Euglenozoans: Kinetoplastids & Euglenids

Euglenozoans: Kinetoplastids & Euglenids
  • 1:25 Euglenids
  • 2:41 Kinetoplastids
  • 3:47 Lesson Summary

Chris has a master's degree in history and teaches at the University of Northern Colorado.

The protists are a very diverse collection of microorganisms. In this lesson, get to know a major group of protists called the euglenozoans, and discover what makes them unique from other microorganisms.

Euglenozoans

It's a plant! It's an animal! It's kind of, sort of both but also neither. Man, there's some weird stuff on this planet.

In the major group of mostly unicellular microoganisms that cannot be classified as plants, animals or fungi, called the protists, there is one collection of creatures that is particularly known for its taxonomic ambiguity. Basically, it doesn't know what it is. This group is the euglenozoa, a diverse assortment of unicellular microorganisms characterized by specific flagella. Flagella, by the way, are thin fibers used like a tail for locomotion. It's how the cell gets around.

Euglenozoa flagella have a unique structure, a rod inside the fiber; that's officially what characterizes members of the phylum euglenozoa. But beyond that, these microorganisms share a few other unusual traits, namely the fact that many are both autotrophic, meaning that they create their own food from sunlight, and heterotrophic, which means they consume other organic material for food.

Most organisms are either heterotrophic or autotrophic. Plants rely on photosynthesis; we rely on cheeseburgers, but not the euglenozoans. This is why it took scientists so long if they were plants or fungi or what. They may not know exactly what they are, but we know that they sure are cool.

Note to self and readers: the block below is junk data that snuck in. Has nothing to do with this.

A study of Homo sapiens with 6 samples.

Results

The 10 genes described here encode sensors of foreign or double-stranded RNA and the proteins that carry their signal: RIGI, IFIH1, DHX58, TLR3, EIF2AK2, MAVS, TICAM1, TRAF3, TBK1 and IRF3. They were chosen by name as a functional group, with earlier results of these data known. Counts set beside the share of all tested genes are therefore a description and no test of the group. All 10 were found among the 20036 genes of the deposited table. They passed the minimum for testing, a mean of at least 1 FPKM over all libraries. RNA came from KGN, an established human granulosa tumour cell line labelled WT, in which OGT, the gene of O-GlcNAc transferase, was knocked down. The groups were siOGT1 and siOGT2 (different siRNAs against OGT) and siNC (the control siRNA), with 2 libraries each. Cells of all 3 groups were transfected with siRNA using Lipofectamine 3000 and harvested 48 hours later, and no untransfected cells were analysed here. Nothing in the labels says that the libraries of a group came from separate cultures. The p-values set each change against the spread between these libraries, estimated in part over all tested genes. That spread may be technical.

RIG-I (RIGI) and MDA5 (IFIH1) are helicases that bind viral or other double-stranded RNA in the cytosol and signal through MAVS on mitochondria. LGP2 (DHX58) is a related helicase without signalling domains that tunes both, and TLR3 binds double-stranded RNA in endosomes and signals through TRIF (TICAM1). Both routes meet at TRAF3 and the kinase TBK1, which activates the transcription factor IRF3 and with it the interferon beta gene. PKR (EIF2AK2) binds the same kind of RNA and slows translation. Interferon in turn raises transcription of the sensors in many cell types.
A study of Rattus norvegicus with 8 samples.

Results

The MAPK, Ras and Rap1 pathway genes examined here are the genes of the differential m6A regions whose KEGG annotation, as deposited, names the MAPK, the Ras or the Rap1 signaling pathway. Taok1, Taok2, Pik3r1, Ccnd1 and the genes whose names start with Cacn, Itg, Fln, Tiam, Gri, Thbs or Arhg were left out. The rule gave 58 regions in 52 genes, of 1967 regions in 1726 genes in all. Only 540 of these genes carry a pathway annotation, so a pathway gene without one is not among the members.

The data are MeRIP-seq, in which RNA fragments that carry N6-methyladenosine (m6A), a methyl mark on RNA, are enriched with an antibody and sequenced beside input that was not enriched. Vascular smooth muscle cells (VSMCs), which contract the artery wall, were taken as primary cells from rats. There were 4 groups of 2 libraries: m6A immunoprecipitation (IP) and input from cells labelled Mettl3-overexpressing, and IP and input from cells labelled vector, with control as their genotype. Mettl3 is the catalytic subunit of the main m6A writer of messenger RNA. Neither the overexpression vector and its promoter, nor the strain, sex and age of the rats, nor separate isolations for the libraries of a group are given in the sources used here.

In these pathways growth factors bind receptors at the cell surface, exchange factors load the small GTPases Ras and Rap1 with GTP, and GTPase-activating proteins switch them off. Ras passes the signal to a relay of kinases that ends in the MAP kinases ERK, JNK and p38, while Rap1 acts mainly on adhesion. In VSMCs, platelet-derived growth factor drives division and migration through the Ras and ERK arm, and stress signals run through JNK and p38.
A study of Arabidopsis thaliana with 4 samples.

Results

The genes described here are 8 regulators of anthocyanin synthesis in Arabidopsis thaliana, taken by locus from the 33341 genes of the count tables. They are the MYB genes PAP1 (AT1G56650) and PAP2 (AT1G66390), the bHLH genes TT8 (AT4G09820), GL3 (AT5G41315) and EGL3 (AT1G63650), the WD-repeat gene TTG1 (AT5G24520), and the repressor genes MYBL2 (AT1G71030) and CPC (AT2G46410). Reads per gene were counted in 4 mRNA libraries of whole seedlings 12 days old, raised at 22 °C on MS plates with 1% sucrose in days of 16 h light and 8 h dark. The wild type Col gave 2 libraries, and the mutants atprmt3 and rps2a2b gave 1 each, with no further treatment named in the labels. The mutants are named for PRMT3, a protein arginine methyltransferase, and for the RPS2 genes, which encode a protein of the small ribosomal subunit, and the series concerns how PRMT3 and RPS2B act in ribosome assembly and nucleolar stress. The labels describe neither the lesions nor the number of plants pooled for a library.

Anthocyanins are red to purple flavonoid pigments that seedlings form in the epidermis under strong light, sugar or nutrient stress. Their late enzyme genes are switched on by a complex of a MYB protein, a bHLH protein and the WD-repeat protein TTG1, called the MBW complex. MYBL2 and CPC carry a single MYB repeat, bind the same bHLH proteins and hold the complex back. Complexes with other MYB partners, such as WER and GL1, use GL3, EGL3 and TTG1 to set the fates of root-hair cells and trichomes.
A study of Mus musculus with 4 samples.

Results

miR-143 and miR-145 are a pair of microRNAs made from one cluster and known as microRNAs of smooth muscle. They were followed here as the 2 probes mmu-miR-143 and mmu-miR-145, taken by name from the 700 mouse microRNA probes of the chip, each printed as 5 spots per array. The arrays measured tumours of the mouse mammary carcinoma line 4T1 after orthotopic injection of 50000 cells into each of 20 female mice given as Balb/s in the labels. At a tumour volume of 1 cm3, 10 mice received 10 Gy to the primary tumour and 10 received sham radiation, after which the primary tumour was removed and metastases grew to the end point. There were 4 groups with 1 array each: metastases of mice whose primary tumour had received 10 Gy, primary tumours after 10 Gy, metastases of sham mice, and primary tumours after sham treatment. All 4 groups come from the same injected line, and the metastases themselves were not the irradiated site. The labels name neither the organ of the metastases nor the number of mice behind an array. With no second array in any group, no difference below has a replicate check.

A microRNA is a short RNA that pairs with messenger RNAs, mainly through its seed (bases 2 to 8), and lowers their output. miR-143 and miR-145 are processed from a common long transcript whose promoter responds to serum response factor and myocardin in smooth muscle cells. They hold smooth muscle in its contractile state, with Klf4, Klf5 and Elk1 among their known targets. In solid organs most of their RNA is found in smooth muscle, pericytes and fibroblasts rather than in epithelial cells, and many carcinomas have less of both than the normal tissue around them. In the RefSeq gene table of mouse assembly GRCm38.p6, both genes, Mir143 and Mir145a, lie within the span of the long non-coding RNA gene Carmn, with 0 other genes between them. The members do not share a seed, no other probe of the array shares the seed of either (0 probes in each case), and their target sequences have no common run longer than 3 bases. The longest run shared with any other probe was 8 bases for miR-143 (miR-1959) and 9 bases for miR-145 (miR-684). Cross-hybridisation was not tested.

Euglenids

Within the euglenozoans, there are two major groups. First, are the euglenids, green microorganisms that are both heterotrophic and autotrophic. These are the distinguishing characteristics of euglenids. They mostly rely on photosynthesis, processing the sunlight for energy the way that plants do but also can capture and eat other microorganisms. Like I said, there aren't many things that can do both.

Euglenids also generally have a single red eyespot that is photosensitive, meaning that it is sensitive to light. It's sort of like a very primitive eye which is pretty cool. The euglenids can't actually see, not the way that we can, but it can see a shadow passing by, which is useful both for catching prey and avoiding danger.

So, as for the big question here, why is it green? (This is actually important.) Let me ask you this: Why are plants green? Because of chloroplasts, organelles within a cell that conduct photosynthesis. This is how things like plants and euglenids turn sunlight into food. The presence of these organelles is the defining trait that characterize euglenids, although the green color also comes from another source as well; euglenids eat green algae.